Television New Zealand has admitted it made a mistake in using Bill English in a TVNZ 7 promo for a series on the economy.

The 45-second advertisment ran more than 30 times from October 18 to promote a new series called Focus on the Economy.

The broadcaster admitted its mistake while being grilled by Parliament's Finance and Expenditure Select Committee on the use of a shareholding minister in the advertisements.

TVNZ chief executive Rick Ellis told the committee today the channel produces about 60 to 70 promos a week, which fall under creative services and were not his direct responsibility.

"The promos are not part of the news and current affairs editorial process. That's marketing responsibility. So we might slip from time to time ... in the editorial sense. We learn from that and we move on," he said.

"I have the responsibility to ensure that the editorial policies and practices that have developed over the years at TVNZ properly adhere to and are ministered. And where we make a mistake that they are properly reviewed."

Mr Ellis said at the end of the day it was a promo and in "hindsight ... we might have made a different judgement call ."

TVNZ corporate affairs chief Peter Parussini said the promos were meant to mirror TVNZ 7 content for the month of November, focusing on the recession and economy in "some sort of plain English, so ordinary Kiwis can understand."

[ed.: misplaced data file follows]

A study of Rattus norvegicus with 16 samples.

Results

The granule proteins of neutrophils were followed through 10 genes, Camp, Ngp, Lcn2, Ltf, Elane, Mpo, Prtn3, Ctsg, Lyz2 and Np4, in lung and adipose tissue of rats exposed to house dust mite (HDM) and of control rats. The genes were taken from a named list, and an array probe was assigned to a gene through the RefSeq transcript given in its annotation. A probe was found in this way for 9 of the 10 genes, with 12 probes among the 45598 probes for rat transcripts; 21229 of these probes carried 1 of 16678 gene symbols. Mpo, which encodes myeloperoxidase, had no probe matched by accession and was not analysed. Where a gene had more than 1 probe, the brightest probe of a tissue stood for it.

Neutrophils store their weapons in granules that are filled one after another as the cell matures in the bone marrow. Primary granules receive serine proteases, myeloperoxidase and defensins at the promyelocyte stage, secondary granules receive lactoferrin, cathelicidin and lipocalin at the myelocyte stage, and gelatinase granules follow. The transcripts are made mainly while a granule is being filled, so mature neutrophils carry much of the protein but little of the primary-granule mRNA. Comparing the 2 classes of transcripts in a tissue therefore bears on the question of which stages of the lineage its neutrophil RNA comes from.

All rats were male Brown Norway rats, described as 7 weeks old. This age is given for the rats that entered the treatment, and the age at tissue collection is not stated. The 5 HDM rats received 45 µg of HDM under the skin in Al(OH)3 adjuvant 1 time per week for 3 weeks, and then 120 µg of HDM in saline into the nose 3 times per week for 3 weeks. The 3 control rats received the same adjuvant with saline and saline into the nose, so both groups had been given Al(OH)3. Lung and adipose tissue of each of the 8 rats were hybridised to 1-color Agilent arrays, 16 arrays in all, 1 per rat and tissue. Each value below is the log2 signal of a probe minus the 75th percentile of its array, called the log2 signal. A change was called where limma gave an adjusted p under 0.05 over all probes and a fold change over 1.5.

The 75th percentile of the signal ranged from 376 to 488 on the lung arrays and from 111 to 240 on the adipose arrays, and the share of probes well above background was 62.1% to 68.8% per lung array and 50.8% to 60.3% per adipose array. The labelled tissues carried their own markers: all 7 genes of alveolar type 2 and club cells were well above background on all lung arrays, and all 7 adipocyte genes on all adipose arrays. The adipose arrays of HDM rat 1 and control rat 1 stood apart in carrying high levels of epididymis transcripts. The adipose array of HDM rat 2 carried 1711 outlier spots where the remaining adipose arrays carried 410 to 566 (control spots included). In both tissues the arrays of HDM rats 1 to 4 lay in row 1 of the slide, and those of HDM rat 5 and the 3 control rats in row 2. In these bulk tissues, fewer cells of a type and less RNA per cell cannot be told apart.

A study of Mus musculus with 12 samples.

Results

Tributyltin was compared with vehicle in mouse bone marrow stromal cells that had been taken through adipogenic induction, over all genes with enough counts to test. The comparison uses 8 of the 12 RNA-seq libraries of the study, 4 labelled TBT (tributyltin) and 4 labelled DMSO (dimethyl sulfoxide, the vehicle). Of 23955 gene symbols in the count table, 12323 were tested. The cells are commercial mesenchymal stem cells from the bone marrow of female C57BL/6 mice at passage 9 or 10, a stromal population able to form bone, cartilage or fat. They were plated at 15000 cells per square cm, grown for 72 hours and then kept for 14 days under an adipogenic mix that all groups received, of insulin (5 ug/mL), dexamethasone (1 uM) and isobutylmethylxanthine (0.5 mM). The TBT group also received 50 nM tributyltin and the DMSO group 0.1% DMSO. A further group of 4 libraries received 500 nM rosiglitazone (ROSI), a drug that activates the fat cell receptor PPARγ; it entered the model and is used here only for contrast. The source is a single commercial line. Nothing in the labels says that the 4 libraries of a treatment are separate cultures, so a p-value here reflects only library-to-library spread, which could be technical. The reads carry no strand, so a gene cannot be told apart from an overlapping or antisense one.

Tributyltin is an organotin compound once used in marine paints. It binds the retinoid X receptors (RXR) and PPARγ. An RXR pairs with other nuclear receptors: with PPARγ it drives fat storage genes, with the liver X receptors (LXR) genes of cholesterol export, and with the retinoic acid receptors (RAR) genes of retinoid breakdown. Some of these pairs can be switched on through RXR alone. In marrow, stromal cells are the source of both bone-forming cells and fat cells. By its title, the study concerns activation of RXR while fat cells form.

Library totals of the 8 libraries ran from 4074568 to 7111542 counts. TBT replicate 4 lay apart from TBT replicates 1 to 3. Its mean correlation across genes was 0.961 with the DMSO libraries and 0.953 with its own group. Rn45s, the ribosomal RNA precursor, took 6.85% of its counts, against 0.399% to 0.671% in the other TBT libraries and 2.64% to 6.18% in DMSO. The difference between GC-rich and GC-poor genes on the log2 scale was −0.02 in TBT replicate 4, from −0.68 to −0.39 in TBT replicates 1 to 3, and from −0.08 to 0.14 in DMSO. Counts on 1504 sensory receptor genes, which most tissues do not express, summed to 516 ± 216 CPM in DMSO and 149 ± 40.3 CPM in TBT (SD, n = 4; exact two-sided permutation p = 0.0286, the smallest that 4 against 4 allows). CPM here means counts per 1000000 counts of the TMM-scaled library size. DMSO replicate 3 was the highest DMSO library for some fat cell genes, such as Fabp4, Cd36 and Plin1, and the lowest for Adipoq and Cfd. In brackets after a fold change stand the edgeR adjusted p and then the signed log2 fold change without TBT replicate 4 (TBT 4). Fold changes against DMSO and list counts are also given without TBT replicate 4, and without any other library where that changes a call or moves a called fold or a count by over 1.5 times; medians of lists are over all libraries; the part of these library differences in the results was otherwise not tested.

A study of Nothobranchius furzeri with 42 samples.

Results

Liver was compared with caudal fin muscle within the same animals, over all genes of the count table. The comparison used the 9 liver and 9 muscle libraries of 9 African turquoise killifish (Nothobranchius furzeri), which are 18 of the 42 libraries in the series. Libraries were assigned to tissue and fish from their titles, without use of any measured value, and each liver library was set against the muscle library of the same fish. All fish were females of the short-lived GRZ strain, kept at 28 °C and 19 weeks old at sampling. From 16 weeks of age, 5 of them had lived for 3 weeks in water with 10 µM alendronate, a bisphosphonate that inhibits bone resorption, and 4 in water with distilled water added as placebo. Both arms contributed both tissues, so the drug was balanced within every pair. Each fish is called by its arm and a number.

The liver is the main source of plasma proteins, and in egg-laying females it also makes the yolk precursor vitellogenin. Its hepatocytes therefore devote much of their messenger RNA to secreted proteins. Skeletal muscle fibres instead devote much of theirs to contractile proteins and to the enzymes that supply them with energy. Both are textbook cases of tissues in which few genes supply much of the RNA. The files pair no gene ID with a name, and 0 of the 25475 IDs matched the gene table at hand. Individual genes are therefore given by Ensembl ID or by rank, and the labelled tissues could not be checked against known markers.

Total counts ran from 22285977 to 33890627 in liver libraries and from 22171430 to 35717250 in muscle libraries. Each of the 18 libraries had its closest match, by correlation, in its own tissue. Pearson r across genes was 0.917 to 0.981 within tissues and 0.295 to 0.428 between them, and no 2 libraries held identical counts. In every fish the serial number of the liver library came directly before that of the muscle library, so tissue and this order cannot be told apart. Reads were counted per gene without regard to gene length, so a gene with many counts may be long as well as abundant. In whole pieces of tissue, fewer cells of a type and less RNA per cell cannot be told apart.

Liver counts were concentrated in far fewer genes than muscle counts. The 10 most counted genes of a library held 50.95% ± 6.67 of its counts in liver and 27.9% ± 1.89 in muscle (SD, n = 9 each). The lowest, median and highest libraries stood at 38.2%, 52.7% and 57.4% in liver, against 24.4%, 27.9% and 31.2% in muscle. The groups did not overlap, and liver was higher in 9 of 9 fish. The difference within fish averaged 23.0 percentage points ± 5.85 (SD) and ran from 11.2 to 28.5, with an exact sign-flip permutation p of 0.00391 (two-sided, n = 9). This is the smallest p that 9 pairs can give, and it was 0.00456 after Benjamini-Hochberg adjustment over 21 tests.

"We probably shouldn't have done that particular advertisement.

"And the head of marketing and I have discussed how when we do the usual review of the campaign at the end of the month that we need to talk about processes, so that in future those campaigns are done appropriately," he said.

He said there will be talks with the head of marketing at the end of the month to ensure future campaigns are carried out appropriately.

Labour MPs David Cunliffe and Brendon Burns made a formal complaint to TVNZ chief executive Rick Ellis on the basis that it appeared to be a political advertisement and allowed Mr English to repeat lines from past political speeches.

They believed it breached the Code of Broadcasting Practice as it failed to present any significant alternative points of view.

TVNZ originally stood by its decision to run the advertisement.

"We're happy that it's not in breach of the Broadcasting Standards Authority in terms of fairness and balance," spokeswoman Megan Richards said last month.

The promo began airing on October 18 and was taken off-air three weeks before it was due to end.